The Pros and Cons of Hiring a Clone of Yourself
When you’re looking to hire someone new, it’s likely that you’ll want to hire someone who shares some if not all of your principles regarding business and work ethic. This article that TS Associates found on Entrepreneur talks about the pros and cons of hiring another you.
The Pros and Cons of Hiring a Clone of Yourself
Come on, we have all thought it as entrepreneurs, at one point or another in our careers: ‘I just wished I could clone myself in finding new employees for my business. Nobody works harder than I do. Nobody is as smart as I am. I don’t trust anybody to make decisions or manage teams better than I do.”
Sound familiar? But is “cloning” yourself really the right solution for your hiring goals? There are clear advantages and disadvantages to a strategy like this, so you will need to figure out if cloning yourself will help or hurt your business, based on your business’s specific needs.
How does cloning manifest itself in your business?
Your clones are typically identified by you, personally or through your direction of your HR teams, during your recruiting process. First, through the job descriptions, with every bullet point sounding like you were actually describing yourself. Second, through the interview process, with you assessing every candidate as “is this person exactly like me?” And third, through the onboarding process, with you training your new “Mini Me”, to do the job exactly the way you would do the job.
The advantages of cloning yourself.
There are many good reasons to try and clone yourself during your hiring process. Looking for another similar personality that will fit with yourself and the team culture you are trying to create. Looking for someone with exactly your same skillsets, that you trust to do the job required and potentially replace you down the road as your succession plan. Looking for someone who is an optimist on the prospects for your business and can cheerlead that vision to your team with the same fervor and passion that you would. As a few examples.
The disadvantage of cloning yourself.
For as many reasons you think cloning yourself is a good idea, I can envision an equal number or reasons cloning yourself could actually be a bad idea. Maybe you don’t need a “glass half full” optimist like yourself, that is going to tell you everything you want to hear. Maybe you need a “glass half empty” realist, who will bring a sense of caution to your investment decisions. Or, you may need a similar “A-Type Personality” to lead your sales team efforts, to help jazz up potential clients. But, maybe a “B-Type Personality” may be a better fit to manage your more introverted team of technology developers. Or, why hire someone with your exact same experiences or vantage point, because maybe someone else can help you better identify a better process or avoid known potential pitfalls based on their different past experiences. As a few examples.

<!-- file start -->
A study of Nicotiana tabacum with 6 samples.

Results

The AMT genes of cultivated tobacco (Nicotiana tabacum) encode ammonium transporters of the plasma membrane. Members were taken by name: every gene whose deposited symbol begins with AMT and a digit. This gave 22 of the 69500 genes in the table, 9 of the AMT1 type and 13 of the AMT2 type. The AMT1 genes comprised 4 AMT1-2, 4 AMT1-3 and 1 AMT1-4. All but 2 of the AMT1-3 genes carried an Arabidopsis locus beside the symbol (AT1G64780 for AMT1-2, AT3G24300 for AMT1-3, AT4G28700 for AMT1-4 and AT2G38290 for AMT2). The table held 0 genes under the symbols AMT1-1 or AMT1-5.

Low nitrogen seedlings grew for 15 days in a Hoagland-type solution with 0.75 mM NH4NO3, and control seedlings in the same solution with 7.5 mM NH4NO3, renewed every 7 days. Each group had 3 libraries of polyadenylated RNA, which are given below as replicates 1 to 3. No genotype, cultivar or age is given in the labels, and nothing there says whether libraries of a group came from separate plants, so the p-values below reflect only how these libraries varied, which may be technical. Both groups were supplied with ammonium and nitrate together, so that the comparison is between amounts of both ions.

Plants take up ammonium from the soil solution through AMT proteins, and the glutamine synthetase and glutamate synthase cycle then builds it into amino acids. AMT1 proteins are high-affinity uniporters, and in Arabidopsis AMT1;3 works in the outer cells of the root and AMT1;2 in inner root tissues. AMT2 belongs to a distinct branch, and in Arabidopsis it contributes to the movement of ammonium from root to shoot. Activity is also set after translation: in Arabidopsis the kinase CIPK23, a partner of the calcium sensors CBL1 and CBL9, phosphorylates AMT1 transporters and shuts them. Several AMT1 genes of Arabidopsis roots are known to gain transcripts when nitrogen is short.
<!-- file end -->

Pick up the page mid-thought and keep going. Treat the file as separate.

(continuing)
What is the right path for your business?
To me, the decision whether or not to clone yourself comes down to a couple key things. First of all, what the business needs to be successful should outweigh everything else.
Let’s say you are hiring a head of finance, and one candidate has a dream resume and a track record of proven success for the position, but perhaps the person is not as outgoing as yourself. But, another candidate has an okay resume, but a great personality fit. At the end of the day, who do you trust more to “have their hands on the steering wheel of your business”? The person who has solid experience and references, or the person that could do the job, but you would rather have a beer with? In a perect world, you want everything you are looking for in one candidate. But, more times than not, you will only get 80 percent of what you are looking for in one candidate, and you have to be careful to prioritze what of the 20 percent they are missing is going to do the least damage.
Secondly, it comes down to what you need persoanlly. If you did a critical assessment of yourself, are you sure you really need a bunch of “yous” running around the office? What do people say about you in your employee reviews from your peers? Are you creating more chaos than calm? Are you pulling the company in different directions all the time, without a clear focus?
Maybe what you really need is the opposite of yourself. You need your Anti-Me to help keep yourself organized, on plan and in check. It really comes down to what you see as your personal strengths and weakness, and filling in any voids in your skillsets. And, better yet, maybe it is less what you think about yourself, and more what your team thinks about you. So, man up, ask the tough questions, and get honest feedback from your peers, when needed.
I have tried to present both the plusses and the minuses of cloning yourself in your business, and gave examples of when to do it, when not to do it. But, if your force me to side one way or the other on this topic, with all other things being equal, if you can find people that share your same passion, vision, energy, work ethic, and skillset, good things should surely follow. But, if you can’t find more “yous” that is perfectly fine too. Greatness comes in many different shapes and sizes. Having new ideas and fresh perspectives can be equally invigorating for you busiess.